World Glaucoma Week
It is estimated that 600,000 people in the UK have Glaucoma, with half of those undiagnosed.
This week is World Glaucoma Week (11th – 17th March), so what exactly is Glaucoma and why is it so important to have regular eye tests to help detect it?
Glaucoma is the name given to a group of eye conditions in which the main nerve to the eye (the optic nerve) is damaged where it leaves the eye. As it becomes damaged, vision is lost and this results in misty and patchy vision.
The damage to the optic nerve in glaucoma is usually associated with excessive pressure within the eye. A certain level of pressure is needed for the eye to keep its shape and to work properly, but if the eye pressure gets too high, it squeezes the optic nerve and kills the nerve fibres, which leads to irreversible sight loss.
Most types of glaucoma have no symptoms, so a regular eye test is the only way to know you have the condition. It is particularly important to check for glaucoma if you have a close relative who has or had glaucoma, if you have diabetes, low blood pressure or are short-sighted.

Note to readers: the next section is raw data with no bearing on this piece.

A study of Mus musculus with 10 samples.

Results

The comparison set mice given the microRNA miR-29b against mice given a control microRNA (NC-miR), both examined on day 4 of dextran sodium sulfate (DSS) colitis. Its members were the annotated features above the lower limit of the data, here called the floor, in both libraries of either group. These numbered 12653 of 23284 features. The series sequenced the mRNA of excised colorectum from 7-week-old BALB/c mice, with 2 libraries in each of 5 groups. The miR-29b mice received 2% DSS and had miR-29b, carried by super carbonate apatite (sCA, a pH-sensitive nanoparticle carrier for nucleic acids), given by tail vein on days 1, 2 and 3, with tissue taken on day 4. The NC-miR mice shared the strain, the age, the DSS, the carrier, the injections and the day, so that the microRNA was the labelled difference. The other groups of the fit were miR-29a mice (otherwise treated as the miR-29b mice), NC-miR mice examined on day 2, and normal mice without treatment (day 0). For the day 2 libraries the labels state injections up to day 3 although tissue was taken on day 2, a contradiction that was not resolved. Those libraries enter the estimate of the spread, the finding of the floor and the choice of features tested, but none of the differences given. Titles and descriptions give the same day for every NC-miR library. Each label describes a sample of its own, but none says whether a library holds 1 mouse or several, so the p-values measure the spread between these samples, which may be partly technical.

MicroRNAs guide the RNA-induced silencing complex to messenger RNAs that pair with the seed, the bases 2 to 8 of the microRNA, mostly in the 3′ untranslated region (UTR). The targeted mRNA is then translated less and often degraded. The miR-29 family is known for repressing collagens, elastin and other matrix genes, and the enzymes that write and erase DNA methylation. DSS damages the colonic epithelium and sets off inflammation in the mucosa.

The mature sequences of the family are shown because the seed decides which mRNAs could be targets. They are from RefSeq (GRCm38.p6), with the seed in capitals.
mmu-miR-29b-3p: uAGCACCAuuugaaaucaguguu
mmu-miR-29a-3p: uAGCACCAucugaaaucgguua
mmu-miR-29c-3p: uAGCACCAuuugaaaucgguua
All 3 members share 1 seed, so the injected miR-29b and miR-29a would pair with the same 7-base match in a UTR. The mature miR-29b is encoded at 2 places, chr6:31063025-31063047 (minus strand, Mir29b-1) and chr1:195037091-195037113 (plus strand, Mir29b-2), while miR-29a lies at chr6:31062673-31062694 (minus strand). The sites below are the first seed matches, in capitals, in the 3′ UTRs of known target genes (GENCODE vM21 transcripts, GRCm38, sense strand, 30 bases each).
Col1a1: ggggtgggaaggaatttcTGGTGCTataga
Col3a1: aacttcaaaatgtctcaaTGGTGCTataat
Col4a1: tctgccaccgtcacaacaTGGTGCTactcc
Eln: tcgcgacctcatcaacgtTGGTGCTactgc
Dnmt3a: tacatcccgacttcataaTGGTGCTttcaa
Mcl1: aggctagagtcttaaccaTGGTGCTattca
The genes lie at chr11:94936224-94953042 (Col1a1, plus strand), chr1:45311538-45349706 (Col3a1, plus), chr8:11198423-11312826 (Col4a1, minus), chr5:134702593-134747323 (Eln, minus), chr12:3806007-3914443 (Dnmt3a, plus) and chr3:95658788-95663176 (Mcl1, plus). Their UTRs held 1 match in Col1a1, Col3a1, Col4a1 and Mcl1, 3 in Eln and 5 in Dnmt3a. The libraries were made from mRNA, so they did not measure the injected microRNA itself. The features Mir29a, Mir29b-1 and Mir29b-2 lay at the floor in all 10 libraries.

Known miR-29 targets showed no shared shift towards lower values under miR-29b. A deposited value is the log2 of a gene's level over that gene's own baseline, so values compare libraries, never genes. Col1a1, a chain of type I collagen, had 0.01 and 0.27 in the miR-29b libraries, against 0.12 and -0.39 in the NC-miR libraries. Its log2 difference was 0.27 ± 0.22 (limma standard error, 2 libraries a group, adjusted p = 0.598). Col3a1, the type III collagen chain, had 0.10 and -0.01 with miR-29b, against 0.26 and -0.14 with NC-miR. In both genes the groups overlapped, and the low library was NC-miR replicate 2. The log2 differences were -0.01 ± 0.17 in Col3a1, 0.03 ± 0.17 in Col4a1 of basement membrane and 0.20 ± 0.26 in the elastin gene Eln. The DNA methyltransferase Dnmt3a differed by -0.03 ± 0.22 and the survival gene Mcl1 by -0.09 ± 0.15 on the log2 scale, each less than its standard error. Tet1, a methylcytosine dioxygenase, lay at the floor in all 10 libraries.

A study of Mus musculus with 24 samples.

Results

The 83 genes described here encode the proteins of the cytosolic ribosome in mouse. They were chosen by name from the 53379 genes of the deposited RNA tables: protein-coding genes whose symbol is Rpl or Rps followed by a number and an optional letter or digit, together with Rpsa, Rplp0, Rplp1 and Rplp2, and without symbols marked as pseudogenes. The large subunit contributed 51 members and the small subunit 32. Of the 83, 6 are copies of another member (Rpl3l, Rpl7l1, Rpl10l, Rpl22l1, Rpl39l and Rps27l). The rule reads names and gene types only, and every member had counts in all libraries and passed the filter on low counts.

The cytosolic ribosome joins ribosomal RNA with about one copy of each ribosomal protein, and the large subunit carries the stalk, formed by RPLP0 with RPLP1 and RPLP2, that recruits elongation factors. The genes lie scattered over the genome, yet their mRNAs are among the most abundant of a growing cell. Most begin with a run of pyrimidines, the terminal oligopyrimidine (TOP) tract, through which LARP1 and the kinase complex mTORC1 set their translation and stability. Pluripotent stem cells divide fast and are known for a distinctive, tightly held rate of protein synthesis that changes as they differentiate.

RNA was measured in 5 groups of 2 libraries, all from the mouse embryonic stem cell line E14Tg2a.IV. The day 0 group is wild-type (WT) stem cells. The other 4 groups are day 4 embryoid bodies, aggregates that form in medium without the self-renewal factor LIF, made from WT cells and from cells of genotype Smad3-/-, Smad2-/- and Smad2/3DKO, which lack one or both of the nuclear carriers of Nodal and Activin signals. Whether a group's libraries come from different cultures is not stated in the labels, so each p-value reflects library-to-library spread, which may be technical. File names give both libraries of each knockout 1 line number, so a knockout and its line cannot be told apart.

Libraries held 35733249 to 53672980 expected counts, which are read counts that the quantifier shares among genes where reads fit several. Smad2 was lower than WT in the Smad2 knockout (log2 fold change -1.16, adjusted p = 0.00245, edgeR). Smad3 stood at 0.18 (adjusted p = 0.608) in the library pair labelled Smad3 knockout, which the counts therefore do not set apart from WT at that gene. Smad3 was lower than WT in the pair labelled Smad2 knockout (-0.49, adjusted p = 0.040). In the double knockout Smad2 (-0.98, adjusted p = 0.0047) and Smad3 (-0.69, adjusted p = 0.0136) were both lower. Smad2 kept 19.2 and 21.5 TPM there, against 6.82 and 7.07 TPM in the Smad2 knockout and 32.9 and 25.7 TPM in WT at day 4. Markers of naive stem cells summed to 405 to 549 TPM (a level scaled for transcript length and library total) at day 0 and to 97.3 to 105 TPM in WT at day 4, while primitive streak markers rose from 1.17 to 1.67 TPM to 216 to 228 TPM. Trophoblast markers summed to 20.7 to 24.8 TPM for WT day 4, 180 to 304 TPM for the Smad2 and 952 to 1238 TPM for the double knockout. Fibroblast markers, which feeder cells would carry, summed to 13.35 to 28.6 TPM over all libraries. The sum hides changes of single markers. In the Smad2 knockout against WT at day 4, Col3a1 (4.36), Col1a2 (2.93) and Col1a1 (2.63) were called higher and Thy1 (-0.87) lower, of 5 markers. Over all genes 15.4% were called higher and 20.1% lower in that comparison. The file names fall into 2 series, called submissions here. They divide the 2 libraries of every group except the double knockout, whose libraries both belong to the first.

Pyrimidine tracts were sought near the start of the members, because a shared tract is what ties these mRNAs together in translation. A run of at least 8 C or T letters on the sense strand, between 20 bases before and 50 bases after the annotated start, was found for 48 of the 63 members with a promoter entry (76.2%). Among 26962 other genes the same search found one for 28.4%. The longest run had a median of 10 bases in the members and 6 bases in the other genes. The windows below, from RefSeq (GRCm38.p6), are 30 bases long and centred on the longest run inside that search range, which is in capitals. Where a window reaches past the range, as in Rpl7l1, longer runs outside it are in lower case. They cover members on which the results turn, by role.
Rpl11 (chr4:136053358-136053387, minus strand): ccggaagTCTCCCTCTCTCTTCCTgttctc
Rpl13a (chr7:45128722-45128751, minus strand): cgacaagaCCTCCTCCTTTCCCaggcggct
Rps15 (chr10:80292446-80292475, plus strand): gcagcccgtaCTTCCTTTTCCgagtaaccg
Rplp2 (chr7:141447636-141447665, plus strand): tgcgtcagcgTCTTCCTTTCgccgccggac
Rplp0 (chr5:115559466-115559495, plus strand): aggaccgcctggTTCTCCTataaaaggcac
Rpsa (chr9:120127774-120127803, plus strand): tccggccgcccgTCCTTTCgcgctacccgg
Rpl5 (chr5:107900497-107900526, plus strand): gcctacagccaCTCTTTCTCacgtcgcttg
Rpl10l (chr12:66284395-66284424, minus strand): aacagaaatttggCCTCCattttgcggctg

Using our state-of-the-art OCT (Optical Coherence Tomography) camera, which takes a 3D scan of the back of the eye, we are able to detect signs of glaucoma (and other eye diseases) at a much earlier stage. Although any vision which has already been lost to glaucoma cannot be recovered, with early diagnosis, careful monitoring and regular use of treatments, the vast majority of people retain useful sight for life.
For more information regarding Glaucoma, please call in to see us in Palace Street, Canterbury for a free information booklet or visit www.glaucoma-association.com
To book an eye examination, contact us on 01227 760501.